We don’t know their names, but this was undoubtedly a wealthy, fashion-conscious family, almost certainly from Antwerp where the artist, Gonzales Coques, was based. Group portraits such as this were popular among the city elite and artists incorporated gestures, looks and activities to bring the scene to life and to suggest the character of the individuals and their relationships to each other.
Here the father, serious and slightly preoccupied, looks down to his left. His son – dressed in skirts, which were commonly worn by boys – is distracted by the antics of a tame bird, but looks the same direction. The wife and daughters, however, look on a contrasting diagonal. This sequence of figures forms a graceful arc, linked and contrasted by looks and gestures.
The eldest daughter stands alone, slightly outside the group. The roses she gathers are symbolic of love and marriage – this and her position may indicate that she is about to marry and leave her immediate family.
We don’t know their names, but this was undoubtedly a wealthy fashion-conscious family, almost certainly from Antwerp where the artist, Gonzales Coques, was based. Perhaps they were local nobility, or possibly lace merchants or producers. Their clothes are trimmed with copious amount of exquisitely decorated lace which was a speciality in the city in the seventeenth century. Some estimates suggest that about half the population was involved in the industry.
By the 1660s, when this painting was made, family group portraits had been popular in the Low Countries for decades, though different styles were popular in different cities. In Antwerp the fashion had moved from a fairly static arrangement of parents and children to a preference for more animated compositions. Artists like Coques incorporated gestures and activities to bring the scene to life and to suggest some of the relationships between the individuals, their roles in the family or particular talents they might have.
There are some interesting subtleties in this painting. The father, who stands slightly detached from his wife and daughters, looks serious and slightly preoccupied, his eyes cast down to his left. His son, preoccupied in a different way – by the antics of a tame bird – also looks in this direction. His skirts may seem feminine to us but it was the style of the time; his loose hair and hat signal his masculinity. The bird may allude to falconry, a suitably elite and manly activity for the heir to the family name.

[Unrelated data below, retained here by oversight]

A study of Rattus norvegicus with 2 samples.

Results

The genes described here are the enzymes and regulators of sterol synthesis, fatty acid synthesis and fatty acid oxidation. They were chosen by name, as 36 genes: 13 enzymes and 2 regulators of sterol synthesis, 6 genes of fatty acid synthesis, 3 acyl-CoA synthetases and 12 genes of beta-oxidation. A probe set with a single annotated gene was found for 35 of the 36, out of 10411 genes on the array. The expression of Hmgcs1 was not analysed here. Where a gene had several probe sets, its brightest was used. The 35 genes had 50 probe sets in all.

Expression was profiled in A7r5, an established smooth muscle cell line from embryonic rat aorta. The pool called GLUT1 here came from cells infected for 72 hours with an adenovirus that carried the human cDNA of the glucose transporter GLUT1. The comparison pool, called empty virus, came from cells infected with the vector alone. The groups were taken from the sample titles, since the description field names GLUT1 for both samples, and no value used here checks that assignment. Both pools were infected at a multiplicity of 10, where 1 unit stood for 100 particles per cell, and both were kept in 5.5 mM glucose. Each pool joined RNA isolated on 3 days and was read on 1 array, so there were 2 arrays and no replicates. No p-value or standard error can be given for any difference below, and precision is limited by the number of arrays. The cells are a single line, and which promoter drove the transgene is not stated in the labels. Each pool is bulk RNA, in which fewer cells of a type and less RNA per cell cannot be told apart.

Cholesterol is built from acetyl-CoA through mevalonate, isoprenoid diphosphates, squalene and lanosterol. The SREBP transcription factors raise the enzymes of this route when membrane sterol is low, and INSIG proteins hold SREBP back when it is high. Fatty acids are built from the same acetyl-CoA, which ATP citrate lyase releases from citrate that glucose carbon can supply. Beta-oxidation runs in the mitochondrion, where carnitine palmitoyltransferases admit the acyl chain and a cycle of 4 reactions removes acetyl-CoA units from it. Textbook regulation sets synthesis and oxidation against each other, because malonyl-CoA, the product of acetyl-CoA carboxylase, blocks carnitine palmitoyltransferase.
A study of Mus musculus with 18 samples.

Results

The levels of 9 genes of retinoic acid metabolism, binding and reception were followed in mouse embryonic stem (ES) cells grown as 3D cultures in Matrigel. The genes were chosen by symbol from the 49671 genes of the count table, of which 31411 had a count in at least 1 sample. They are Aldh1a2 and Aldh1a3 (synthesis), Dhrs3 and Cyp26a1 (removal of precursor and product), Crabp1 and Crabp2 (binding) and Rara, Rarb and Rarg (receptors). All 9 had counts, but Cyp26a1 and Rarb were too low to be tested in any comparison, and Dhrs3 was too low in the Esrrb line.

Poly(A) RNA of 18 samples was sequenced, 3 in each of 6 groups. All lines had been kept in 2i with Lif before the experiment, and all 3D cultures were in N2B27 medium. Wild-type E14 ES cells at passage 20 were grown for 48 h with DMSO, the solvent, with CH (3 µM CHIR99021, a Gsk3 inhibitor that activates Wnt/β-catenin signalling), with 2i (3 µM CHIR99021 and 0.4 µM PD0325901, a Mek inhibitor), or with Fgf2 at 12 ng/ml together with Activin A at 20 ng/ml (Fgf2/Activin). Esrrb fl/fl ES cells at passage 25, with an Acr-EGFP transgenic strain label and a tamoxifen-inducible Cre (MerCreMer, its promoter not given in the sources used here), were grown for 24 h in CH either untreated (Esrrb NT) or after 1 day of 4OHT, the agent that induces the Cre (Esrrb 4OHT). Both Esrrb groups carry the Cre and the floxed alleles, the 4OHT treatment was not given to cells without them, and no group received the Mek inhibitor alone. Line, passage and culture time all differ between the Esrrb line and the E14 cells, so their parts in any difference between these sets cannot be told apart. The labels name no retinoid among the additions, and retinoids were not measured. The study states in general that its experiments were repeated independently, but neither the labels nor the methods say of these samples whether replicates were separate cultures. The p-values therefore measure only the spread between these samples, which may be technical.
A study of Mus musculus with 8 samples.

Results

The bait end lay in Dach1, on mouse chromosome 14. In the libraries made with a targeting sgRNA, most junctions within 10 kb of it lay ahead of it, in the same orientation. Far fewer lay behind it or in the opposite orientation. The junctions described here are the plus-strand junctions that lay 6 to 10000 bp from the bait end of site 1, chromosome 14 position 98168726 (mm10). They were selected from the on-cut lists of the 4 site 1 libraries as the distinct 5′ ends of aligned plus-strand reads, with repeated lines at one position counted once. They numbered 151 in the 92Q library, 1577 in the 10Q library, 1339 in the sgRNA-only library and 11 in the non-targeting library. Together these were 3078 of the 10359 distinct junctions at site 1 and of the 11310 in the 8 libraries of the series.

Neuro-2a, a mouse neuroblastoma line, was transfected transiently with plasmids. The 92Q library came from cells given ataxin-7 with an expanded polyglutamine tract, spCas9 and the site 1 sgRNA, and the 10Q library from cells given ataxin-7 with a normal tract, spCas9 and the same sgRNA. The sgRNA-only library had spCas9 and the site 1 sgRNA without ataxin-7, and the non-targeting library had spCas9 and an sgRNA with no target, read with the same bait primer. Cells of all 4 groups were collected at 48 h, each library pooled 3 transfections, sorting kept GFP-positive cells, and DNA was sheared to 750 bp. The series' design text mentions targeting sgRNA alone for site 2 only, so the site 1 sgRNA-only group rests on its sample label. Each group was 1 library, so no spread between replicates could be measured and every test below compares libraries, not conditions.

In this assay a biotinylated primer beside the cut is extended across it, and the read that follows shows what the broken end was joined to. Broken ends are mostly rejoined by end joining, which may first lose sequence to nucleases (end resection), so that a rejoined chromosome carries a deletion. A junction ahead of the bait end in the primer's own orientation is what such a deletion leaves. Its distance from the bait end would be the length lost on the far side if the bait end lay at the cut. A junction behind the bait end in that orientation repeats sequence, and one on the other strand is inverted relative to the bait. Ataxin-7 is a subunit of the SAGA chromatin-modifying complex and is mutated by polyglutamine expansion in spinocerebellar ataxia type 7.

The wife and daughters all look out on a contrasting diagonal. The three eldest catch the viewer’s eye, as does the youngest who looks slightly bemused in her baby-walker (then called a loopstoel). We can see from her lute or cittern that the second eldest must have had musical talent, while the sister next to her would rather be playing with her brother and his bird.
So this sequence of family figures forms a graceful arc, both linked and distinguished by different looks and gestures. However, though she smiles warmly at us, the eldest daughter stands behind the rest of the group, slightly outside the arc. It may be that she is about to marry and so leave her immediate family. She is gathering roses – one of the attributes of Venus – and these are often symbolic of love and marriage. Perhaps this portrait marks the last months of the family’s time together.
The architecture and stone sculptures which frame the painting are also typical elements in group portraits of this kind. They almost certainly represent artistic fantasy rather than a real scene, and are intended to hint at wealth and fashionability. Similarly, the landscape in the distance, which may have been painted by an assistant or collaborator, is often an allusion to a landed estate. You might have spotted the parrot too, just to the right of the rosebush. This, like the two dogs wrestling in the foreground, was probably a family pet. Parrots often appear in paintings of this time – they were expensive and highly coveted in the upper echelons of Flemish society.